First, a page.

Pandemic jitters melt local firms’ demand for dollar loans, too
MANILA, Philippines—Uncertainty over the full extent of the COVID-19 pandemic’s adverse impact on the economy has resulted not only in less peso-denominated loans being underwritten by Philippine banks but in fewer dollar-denominated borrowings in the local market as well, according to the latest data from the central bank.
In a statement, Bangko Sentral ng Pilipinas (BSP) Governor Benjamin Diokno said that, as of end-December 2020, outstanding loans granted by foreign currency deposit units of banks stood at $16.7 billion, lower by $614 million or 3.6 percent from the end-September 2020 level of $17.3 billion, as principal repayments exceeded disbursements.
Year-on-year, outstanding dollar loans decreased by $1.4 billion or by 7.7 percent from the end-December 2019 level of $18 billion.
“The decline in [dollar denominated] loans may have resulted from tightened credit standards as well as lower working capital requirements due to the economic slowdown,” the BSP chief said.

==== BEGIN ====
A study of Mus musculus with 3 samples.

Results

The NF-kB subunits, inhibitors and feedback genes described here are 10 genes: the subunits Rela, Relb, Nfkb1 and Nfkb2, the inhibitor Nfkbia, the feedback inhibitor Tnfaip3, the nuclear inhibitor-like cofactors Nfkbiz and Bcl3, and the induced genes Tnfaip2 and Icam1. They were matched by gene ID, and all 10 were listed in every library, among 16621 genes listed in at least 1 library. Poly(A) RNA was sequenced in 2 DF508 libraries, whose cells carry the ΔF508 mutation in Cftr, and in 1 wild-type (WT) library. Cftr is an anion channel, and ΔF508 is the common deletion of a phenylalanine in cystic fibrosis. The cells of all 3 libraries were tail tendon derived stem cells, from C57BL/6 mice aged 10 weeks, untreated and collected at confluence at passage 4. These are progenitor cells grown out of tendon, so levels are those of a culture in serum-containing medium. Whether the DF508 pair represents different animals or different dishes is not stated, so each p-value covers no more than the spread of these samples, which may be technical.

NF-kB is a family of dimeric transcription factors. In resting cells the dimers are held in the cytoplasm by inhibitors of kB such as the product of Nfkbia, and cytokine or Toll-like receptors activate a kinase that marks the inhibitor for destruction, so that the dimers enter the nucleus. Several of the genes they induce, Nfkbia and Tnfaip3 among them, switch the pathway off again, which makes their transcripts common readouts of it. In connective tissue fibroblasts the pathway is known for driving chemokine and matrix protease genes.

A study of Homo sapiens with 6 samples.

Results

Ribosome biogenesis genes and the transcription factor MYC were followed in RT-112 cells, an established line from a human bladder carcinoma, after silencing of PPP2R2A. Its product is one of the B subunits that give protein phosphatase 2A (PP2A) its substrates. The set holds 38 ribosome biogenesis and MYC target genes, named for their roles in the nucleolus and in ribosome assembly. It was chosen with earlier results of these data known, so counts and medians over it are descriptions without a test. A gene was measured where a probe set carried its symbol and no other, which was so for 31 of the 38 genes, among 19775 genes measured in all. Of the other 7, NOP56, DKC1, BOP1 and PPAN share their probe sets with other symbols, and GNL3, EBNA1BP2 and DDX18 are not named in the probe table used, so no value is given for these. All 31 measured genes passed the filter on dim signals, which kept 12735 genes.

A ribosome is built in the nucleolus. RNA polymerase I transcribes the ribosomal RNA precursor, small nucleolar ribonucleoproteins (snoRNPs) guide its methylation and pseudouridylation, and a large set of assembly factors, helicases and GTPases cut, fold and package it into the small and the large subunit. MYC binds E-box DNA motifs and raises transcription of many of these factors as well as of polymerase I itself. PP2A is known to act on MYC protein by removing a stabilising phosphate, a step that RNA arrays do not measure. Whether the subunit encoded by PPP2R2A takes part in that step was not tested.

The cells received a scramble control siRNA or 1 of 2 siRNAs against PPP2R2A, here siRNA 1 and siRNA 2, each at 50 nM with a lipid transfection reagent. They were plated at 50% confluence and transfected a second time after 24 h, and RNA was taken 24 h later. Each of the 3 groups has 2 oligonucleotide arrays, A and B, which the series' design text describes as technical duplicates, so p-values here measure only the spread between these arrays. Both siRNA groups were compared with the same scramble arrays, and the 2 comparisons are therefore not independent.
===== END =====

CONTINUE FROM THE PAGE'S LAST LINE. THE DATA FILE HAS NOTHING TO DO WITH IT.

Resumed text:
As of end-December 2020, the maturity profile of the banks’ dollar loan portfolios remained predominantly medium- to long-term debt, or those payable over a term of more than one year, which represented 80 percent of total, slightly higher than the 79 percent level as of end-December 2019.
Of the total 67 percent outstanding loans to residents, 40 percent went to power generation companies (17.9 percent); merchandise and service exporters (14.2 percent); and public utility firms (7.9 percent).
Gross disbursements in the fourth quarter of 2020 reached $13.9 billion and were 13.9 percent higher than the third quarter figure due to the increase in funding requirements of an affiliate of a branch of a foreign bank.
Similarly, loan repayments were higher by 12.4 percent, thus, resulting in overall net repayments.
Deposit liabilities of banks’ foreign currency units stood at $45.1 billion as of end-December 2020, lower by $890 million or 1.9 percent from the end-September 2020 level of $46 billion.
Of this amount, 97.5 percent continued to be owned by residents, essentially constituting an additional buffer to the country’s gross international reserves.
Year-on-year, banks’ dollar deposit liabilities increased by $4 billion or 9.7 percent from the end-December 2019 level of $41.1 billion.
The trend in banks’ dollar loans mirrored that of their peso-denominated lending operations which showed a decline for the third consecutive month of underwritten loans as of February 2021.
According to the BSP, outstanding loans of universal and commercial banks, net of short term deposits with the regulator, fell by 2.7 percent year-on-year in February after declining by 2.5 percent in January.